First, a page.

In the run-up to the first MTD deadline, we’re launching our Making Tax Beautiful series – a fortnightly look into the changing world of VAT from our Director of Product Strategy, Russell Gammon. This week, Russell shares his takeaways from the Tax Transformation Summit 2018, where he joined our CEO Richard Metcalfe and HMRC’s head of the Customer Readiness and External Stakeholder Team Clare Sheehan for a presentation all around Making Tax Digital
The 20-21st November 2018 marked the annual Tax Transformation Summit, where over 150 professionals met to chat “all things Tax Technology”.
Having been to many of these events before, it was encouraging to note the change of pace across the industry. Even just looking at the job titles of the attendees, there are many more “Tax Technology” references than there were a few years ago. Everyone agrees that technology will play a huge role in the future of Tax, and this event proved exactly that.
What was also encouraging was the number of panels, stands and talks from “non-traditional” vendors, Arkk included! Typically, in the past it’s been Thomson Reuters and the Big 4 at the fore, and, of course, they are still there but are increasingly joined by others. The buzz around the room and conversation is steadily moving away from “well we have to buy XYZ, because that’s what we’ve always done”, which is a refreshing and sensible approach for any business in the age of tech innovation.
As a gold sponsor of the event, we held a break-out session to discuss the Making Tax Digital mandate. Myself, Richard our CEO and a HMRC representative covered a range of topics, from detailed discussion of the MTD mandate itself, to a much higher-level discussion around the journey that both HMRC, and the firms that they regulate, are going on. Here are my key takeaways:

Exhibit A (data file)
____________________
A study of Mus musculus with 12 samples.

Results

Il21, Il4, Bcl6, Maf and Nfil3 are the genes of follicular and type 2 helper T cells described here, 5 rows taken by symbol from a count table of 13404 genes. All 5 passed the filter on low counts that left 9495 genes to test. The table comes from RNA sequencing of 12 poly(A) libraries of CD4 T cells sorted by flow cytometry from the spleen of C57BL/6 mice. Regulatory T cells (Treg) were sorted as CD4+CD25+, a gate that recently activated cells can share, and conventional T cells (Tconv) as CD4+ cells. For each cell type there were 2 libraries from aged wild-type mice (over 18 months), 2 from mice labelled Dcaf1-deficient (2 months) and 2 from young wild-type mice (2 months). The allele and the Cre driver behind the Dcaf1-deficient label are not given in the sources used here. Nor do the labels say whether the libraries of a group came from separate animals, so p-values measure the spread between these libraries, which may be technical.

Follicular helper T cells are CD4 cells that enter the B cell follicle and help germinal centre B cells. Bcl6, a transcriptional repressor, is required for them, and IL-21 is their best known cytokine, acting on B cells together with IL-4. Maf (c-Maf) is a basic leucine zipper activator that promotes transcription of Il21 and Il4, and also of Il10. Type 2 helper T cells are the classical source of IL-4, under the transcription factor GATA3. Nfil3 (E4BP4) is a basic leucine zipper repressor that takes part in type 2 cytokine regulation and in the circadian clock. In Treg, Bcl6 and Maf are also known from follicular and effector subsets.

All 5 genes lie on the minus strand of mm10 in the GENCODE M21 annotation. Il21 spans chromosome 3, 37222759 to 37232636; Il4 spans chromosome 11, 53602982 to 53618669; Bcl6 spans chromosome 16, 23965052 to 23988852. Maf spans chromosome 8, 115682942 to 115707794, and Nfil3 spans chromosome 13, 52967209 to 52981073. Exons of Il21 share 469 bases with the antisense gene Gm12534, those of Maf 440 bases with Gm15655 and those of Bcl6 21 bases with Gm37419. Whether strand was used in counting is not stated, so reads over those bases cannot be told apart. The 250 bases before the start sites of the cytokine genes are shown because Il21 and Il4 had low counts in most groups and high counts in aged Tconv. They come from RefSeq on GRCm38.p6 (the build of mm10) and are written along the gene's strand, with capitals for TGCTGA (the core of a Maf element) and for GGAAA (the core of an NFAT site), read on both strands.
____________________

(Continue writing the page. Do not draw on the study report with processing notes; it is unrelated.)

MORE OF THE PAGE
6 more months for digital links?
The audience in the room almost exclusively represented more complicated organisations, and therefore are affected by the delay to MTD for VAT by 6 months to October 2019. One of the most popular questions was therefore “as the API requirement has been delayed by 6 months, does that mean we also get 6 extra months on the digital link “soft landing” requirement, to October 2020?”. This was expected, I’d flagged it in our pre-event call with HMRC!
Whilst there isn’t quite a formal answer yet from HMRC, they did go as far as to say “we have listened to the industry on this topic and would be sympathetic to their cause”. So, not a definitive answer, but a heavy indication.
Does delay mean… delay?
We polled our audience for their take on a few areas of MTD. If you haven’t used sli.do before, it’s awesome. It’s a software tool for audience polling and questions at events, but via their own mobile phones, so no need for those ghastly handheld voting devices. The headline for me here was that, despite now having an additional 6 months to organise their MTD for VAT compliance, 59% of firms their timetables haven’t changed. This, coupled with the fact that only 12% of firms polled considered themselves “completely prepared” for MTD, means that there is lots of work to be done in Q1 2019 to get systems into place.
Another interesting poll result was that MTD for VAT was the biggest concern for Tax transformation professionals, ahead of Brexit. So whilst work is going on, it’s certainly not something everyone is assuming will “just get done”.
My main plus-point from several of the conversations I had is that the API-only (also known as “bridging software”) approach has given consideration and then discarded by many. As a firm we’re keen on the viewpoint that an API only solution is not getting the MTD journey underway on the right footing, this is only the beginning and we aim to ensure that as many businesses as possible are going forward with solid foundations to build on. An encouraging number of attendees we spoke to proffered this same opinion without even giving us the chance to set the tone by talking about the value of a full-blooded implementation! The conference was all around how technology can transform a Tax function, and there is nothing transformative about some Excel VBA bolt-on, something, it seems, fewer and fewer people are considering a legitimate or (dare I say) best practice solution.
Overall it was a great event and it was good to see so many new faces (as well as a few of the old ones), I’ve no doubt next year will be even busier!!
If you have any questions about how you’re approaching Making Tax Digital, get in touch with the Arkk team.